How tech, creativity and data are forming a new kind of equilibrium
As marketers prepare to enter a new era, FCB Inferno managing director Katy Wright outlines how fueling creativity with tech and data can benefit brands and audiences alike.
Wright points to Spotify Unwrapped as example of a well-received campaign that uses data and targeting
Around the time I left school, I wanted more than anything to be an airline pilot. Really, I did – I received training, and I was utterly serious about a career in aviation. My life ended up taking a different, brilliant path, but that love of the skies is still ingrained in me.
I was reminded of that original life goal of mine when reading recently about the impact of data on our industry. When the technology required to fly was first applied to the commercial sector, it heralded a complete revolution and restructuring of the global economy. Businesses were now operating in a world where markets thousands of miles apart from each other could be bridged in a matter of hours, not weeks. There was, quite simply, no going back.
Over the past decade, I believe we’ve reached a similar point with technology and data. Marketing has never been about who can shout the loudest into a megaphone – instead, these advancements have allowed audiences to split into unique and personalized fields, while at the same time giving us the opportunity to speak to them in a way that’s relevant. The communications landscape has utterly changed and, once again, there’s no going back. You can’t uninvent progress.
But I believe we’re now arriving in a new era. And the successful marketers of the future will be those who understand the delicate balance and relationship between those three forces.
As with any period of adjustment, the past ten years or so have been turbulent. Advancements in technology have seemed to drag creativity outside of its comfort zone – and that’s not necessarily a bad thing.
But the dust is starting to settle. We’ve arrived at a place where three forces that might previously have felt opposed to each other – tech, creativity and data – are forming a new kind of equilibrium.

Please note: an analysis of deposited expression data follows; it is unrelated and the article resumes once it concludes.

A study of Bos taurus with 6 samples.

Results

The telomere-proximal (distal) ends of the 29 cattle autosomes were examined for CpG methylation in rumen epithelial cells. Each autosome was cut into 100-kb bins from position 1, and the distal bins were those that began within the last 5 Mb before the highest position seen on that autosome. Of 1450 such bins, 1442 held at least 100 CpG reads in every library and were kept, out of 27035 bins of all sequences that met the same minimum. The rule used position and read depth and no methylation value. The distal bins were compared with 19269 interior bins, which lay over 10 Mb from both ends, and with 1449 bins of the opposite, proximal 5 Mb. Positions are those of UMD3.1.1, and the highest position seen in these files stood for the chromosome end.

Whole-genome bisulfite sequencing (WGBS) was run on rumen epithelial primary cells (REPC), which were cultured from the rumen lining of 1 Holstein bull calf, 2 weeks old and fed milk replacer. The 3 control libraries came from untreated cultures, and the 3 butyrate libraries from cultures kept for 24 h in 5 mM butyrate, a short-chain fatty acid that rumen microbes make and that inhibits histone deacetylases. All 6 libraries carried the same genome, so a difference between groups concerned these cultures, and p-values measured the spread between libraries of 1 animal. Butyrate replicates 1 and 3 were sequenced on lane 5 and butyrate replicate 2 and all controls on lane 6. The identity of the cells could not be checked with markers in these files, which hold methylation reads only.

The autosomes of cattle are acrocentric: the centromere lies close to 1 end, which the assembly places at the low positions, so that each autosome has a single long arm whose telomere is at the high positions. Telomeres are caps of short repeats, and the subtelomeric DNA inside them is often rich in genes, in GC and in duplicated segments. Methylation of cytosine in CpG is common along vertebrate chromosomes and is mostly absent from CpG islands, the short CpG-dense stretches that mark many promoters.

That’s partly because we now have a generally high level of knowledge and awareness about tech and data. People are savvy about giving away their data – but there’s no evidence to suggest they’re fundamentally opposed to doing it when the incentive is right. There are still examples of extremely well-received campaigns that use data and targeting – just look at the cultural phenomenon that unfolds every time Spotify Wrapped appears on Instagram feeds.
The reason these kinds of campaigns are so popular, invariably, is because they haven’t sacrificed creativity for the sake of tech or data. Rather, the tech and data have put rocket boosters underneath a creative idea or insight.
We recently worked with The Big Issue and LinkedIn to create online networking profiles on the social media site for Big Issue vendors. We provided training so that vendors could confidently use the LinkedIn platform and then, crucially, we used data from users’ company profiles to determine the location of each vendor and connect them with the businesses they would previously have worked with pre-lockdown.
This wouldn’t have been possible without those three forces working in harmony. Firstly, you need tech in order for the platform to exist and to ensure that people have access to it. Following that, you need data to understand where each vendor is based and who might realistically be in their network. And, finally, you need creativity to find the original insight that drives the idea forward.
And it proves the point that people want what they’ve always wanted – brilliant creative where data and tech are seamlessly integrated. Leaning into how these forces fuel each other is the most exciting part of how modern marketing is moving forwards, and where the best ideas take flight.
Katy Wright is managing director of FCB Inferno.